Liquid's Ed Del Castillo chats with GameSpot about Rise of the Argonauts:
GS: Rise of the Argonauts features one of the more, shall we say, aggressive combat systems in an RPG. Can you break down the concept of lethality and take us through a few of the more gruesome attacks? Is death-and-dismemberment insurance required or recommended? ED: Simply put, for Rise we ripped out the traditional hit point systems found in most RPGs and replaced it with a more action game style of combat. That isn't to say that it's an action game. We still have much of the great character development, story, and choice that you have in other RPGs, but this is definitely our own take on them. I'm hoping action gamers see it as a game with more freedom than they are used to and that RPGs see it as a game with more cool fighting and less menu tedium.
Getting back to combat…It's lethal and HUD-less. Most combat is like chopping down trees, and I can't remember the last time I thought that was fun…ahhhh childhood. Anyways, we thought that the players might like a taste of something new, so we came up with something more lethal. Hitting stuff in our game has a tendency to kill it. If it doesn't die, it's usually because it blocked, dodged, parried, or is just damn tough. Tough things (like our hero) that don't die right away show the damage on their bodies rather than on a bar. There are lots of moves. You shouldn't expect as many as a dedicated action game because we're also an RPG, but there are enough to be effective. Other than that, I'd rather the players discovered the moves for themselves. Talking about them individually is kind of like opening the watch and looking at the gears.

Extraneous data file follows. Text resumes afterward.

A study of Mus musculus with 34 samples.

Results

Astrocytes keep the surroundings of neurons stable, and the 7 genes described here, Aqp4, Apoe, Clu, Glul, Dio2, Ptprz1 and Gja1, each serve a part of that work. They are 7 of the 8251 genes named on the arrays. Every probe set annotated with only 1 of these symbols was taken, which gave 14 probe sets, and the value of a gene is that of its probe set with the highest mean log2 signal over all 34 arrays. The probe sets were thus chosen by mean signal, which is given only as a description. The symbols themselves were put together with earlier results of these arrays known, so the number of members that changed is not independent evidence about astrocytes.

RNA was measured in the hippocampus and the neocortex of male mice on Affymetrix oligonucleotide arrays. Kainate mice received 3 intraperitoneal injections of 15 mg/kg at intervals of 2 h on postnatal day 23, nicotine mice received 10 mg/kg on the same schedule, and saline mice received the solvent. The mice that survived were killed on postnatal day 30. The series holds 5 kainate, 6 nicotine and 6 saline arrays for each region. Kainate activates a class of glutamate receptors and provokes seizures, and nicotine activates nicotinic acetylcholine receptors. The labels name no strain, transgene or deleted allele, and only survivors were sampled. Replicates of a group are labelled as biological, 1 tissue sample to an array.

PS. If you really can't live without the HUD, you can turn it on in the options.
PS. If you really can't live without the HUD, you can turn it on in the options
That's good to hear—I'd written this one off. Frankly I'm not drawn to a HUD-less, menu-less game, but neither am I thrilled by combat that resembles chopping down trees, so maybe there's a bit of potential here after all.